Kinder Morgan (NYSE: KMI) is America's largest energy transportation company and a longtime favorite of high-yield income investors. When doing your homework on investments, though, you need to also look at both the reasons it could succeed and what could cause it to fall. In the case of Kinder Morgan, there are two key issues threaten both its share price and future dividend growth prospects: regulatory risk to its largest growth project and the effects of low oil prices on its most profitable business segment. Let's take a look at how these risks could impact the company and whether they are enough to shy away from investing in Kinder Morgan.  

Transmountain regulatory risk threatens growth backlog
One of the most important factors in Kinder Morgan's current dividend growth plan -- 15% growth in 2015 and 10% for 2016 through 2020 -- is its current growth project backlog. This includes only projects that have secured contracts or are in advanced negotiations and are expected to be completed within the next five years. 

Source: Kinder Morgan investor presentation. 

Kinder's single largest project is Kinder Morgan Canada's Trans Mountain Pipeline Expansion, a $5.4 billion endeavor that would almost triple the existing pipeline's capacity from 300,000 barrels per day to 890,000 barrels per day.

While the project is scheduled to go online in the third quarter of 2018, it has been plagued by years of court battles and has yet to receive final regulatory approval from Canada's National Energy Board.

The most recent setback for this project -- which makes up 30% of Kinder's current growth backlog -- is a new report commissioned by the city of Vancouver that concludes that an oil spill from the pipeline could threaten up to 1 million citizens with exposure to toxic benzene fumes and kill up to 100,000 birds. 

Vancouver Mayor Gregor Robertson is one of the project's most outspoken critics, and he last month called on the City Council to reaffirm its opposition to the project -- a stance the city first took in December 2013.

Today we heard overwhelming evidence that the Kinder Morgan pipeline proposal and the oil tankers associated with it are incredibly disastrous for Vancouver. ... My mind is clearly made up. I think this is a bad deal for Vancouver.

While it might not be surprising that a study funded by adamant opponents to the project found it might come with potentially disastrous risks, sufficient political pressure might kill the pipeline expansion's opportunity to gain final regulatory approval from the NEB. That could prove a serious blow to Kinder's current dividend growth plans.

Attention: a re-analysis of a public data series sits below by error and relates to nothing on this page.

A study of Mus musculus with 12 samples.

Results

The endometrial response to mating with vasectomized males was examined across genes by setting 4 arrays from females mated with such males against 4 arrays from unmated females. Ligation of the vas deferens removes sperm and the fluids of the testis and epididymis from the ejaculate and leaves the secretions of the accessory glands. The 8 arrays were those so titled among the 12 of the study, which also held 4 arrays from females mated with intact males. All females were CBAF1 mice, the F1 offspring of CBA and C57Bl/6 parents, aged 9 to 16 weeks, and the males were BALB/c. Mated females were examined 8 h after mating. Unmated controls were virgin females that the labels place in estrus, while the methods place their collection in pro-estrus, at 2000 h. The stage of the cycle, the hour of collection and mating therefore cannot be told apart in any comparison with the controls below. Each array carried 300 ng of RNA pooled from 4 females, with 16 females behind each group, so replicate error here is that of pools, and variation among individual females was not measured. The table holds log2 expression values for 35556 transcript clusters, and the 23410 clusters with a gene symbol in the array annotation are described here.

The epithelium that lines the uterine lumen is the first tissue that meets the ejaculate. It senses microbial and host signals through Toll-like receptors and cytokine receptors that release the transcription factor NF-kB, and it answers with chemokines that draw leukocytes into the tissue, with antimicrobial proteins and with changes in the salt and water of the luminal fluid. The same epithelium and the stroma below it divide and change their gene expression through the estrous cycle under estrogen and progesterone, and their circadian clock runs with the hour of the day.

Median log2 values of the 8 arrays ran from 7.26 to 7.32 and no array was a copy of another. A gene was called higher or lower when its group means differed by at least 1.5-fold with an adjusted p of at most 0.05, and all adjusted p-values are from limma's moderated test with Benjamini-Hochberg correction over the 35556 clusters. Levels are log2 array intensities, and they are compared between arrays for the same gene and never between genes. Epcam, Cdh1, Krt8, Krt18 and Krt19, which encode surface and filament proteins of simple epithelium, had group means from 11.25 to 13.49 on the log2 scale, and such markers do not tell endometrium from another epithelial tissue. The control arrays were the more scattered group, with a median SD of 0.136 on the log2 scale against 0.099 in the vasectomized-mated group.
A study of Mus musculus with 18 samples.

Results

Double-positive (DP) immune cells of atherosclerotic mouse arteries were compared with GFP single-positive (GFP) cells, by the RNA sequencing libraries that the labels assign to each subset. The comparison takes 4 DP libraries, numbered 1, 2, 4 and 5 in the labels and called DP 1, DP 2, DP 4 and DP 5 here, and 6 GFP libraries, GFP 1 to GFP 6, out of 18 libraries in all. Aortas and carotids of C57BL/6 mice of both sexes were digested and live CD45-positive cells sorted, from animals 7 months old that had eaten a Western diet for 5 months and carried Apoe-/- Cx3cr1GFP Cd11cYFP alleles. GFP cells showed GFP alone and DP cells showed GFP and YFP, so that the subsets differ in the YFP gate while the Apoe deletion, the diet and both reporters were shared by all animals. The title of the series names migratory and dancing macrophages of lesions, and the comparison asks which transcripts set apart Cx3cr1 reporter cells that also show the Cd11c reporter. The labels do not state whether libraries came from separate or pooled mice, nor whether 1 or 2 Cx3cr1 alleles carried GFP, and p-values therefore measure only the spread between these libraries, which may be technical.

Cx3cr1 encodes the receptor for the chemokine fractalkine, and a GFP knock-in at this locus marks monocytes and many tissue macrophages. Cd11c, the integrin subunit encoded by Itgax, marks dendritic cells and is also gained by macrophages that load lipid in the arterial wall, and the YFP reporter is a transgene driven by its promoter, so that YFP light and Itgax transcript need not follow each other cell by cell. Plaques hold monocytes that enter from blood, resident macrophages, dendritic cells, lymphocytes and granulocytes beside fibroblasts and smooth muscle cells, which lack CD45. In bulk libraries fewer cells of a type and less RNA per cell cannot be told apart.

Low oil prices negatively affecting Kinder's most profitable business segment
Over the past two quarters low oil prices have caused Kinder Morgan to remove almost $1.8 billion in CO2 projects from its current growth backlog, including its St. Johns CO2 field and Lobos CO2 pipeline projects.

Kinder still has $3.4 billion in CO2 projects listed under its current backlog, meaning that should oil prices remain low or fall further, up to 19% of its backlog might be delayed by several years. When combined with the regulatory threat to the Trans Mountain Pipeline Expansion, $8.8 billion, or 48%, of the current growth backlog might be at risk. 

What's worse is that Kinder's CO2 business is, by far, its most lucrative segment in terms of return on investment. 

Source: Kinder Morgan Investor presentation.

In fact, as this table shows, the CO2 segment's ROI last year was 11 percentage points higher than the company's next most profitable business, refined product pipelines. This means that, should Kinder's CO2 projects be further delayed, the negative effect on its future projected distributable cash flow -- which anchors the company's projected dividend growth and sustainability estimates -- would be disproportionately higher than the relative size of its CO2 projects backlog might at first indicate.   

The takeaway: not even America's blue-chip dividend pipeline stock is risk free
I believe Kinder Morgan remains one of America's best dividend growth stocks; however, investors must be aware that no company, no matter how large, well diversified, or well managed, is completely risk free. While I fully expect Kinder to live up to its projected dividend growth plans, those estimates are predicated on the successful completion of its enormous growth project backlog. Should Kinder fail to receive final regulatory approval for its Trans Mountain Pipeline Expansion, or if low oil prices result in continued delays to its highly lucrative CO2 project backlog, management might not be able to live up to its current dividend growth guidance.